Attack of the killer bee flies

Our front porch has been host to some shiny black Virginia carpenter bees. Earlier this year a couple females chewed burrows in the woodwork in which to store pollen and lay eggs. I had been keeping my eye on the nests to see if I might be able to catch an emerging young bee.

This afternoon, however, I found something even more interesting. Behold!

A carpenter bee nest entrance (lower left) shows signs of activity, but what emerged from pupation were not bees but parasitic Xenox tigrinus flies that had, as maggots, consumed the developing larvae.

Xenox tigrinus bee fly must have been successful in breaching a carpenter bee’s defenses. Death by parasite is the unfortunate fate of many insects, and bee flies inflict their share of damage on solitary bees whose nests are inadequately protected. Below are a few more photos of the Xenox flies.

The patterned wings of Xenox tigrinus are unmistakable.
The flies let me approach closely while their cuticles hardened.
Hanging out.

12 thoughts on “Attack of the killer bee flies”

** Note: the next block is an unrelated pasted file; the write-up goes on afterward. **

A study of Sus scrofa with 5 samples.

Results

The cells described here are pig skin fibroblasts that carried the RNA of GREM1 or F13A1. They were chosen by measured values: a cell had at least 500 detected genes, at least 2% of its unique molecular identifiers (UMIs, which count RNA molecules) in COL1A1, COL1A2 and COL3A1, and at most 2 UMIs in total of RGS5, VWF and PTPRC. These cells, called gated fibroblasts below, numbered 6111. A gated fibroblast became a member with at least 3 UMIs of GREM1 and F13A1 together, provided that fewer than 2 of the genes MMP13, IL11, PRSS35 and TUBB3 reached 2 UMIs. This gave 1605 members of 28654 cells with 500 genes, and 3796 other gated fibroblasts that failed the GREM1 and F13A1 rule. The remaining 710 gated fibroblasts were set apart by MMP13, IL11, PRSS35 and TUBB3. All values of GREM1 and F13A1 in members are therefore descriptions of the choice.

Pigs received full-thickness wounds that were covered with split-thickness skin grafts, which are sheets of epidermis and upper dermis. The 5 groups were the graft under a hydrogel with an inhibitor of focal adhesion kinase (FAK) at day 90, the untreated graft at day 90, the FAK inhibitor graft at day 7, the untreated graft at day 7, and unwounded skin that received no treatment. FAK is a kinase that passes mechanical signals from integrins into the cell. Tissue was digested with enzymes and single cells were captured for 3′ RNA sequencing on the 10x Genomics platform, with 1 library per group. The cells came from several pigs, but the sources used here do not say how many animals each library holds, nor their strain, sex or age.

1. Ken Rosenbaum

    Thanks for this post, and thanks to May B. for flagging it on Facebook.

    I live in northern Virginia, and Virginia carpenter bees are my least favorite pollinator, making holes in my home’s eaves and deck with annoying regularity. In the last week or two I saw one of the Xenox flies but didn’t know its name or M.O. Now I do.

  2. I watched carpenter bees aerially defending territory (or defending something) once. They hang mid-air in one spot and then when another comes near, there is an aerial tumble/fight. They did it all day long. I had no way of knowing if it was about mating or if it was male-to-male aggression but it was really amusing.

  3. Little-known tidbit on this fly. When I described the genus Xenox, I originally had intended Xerox. I gave my hand-written MS to a typist (I had one way back then!) and she mistook the “r” for an ‘n”. I got the typed paper back — and thought a bit — and decided Xenox would indeed be less of a pain to deal with regarding potential negative repercussions with the Xerox company. And so it is Xenox instead of Xerox.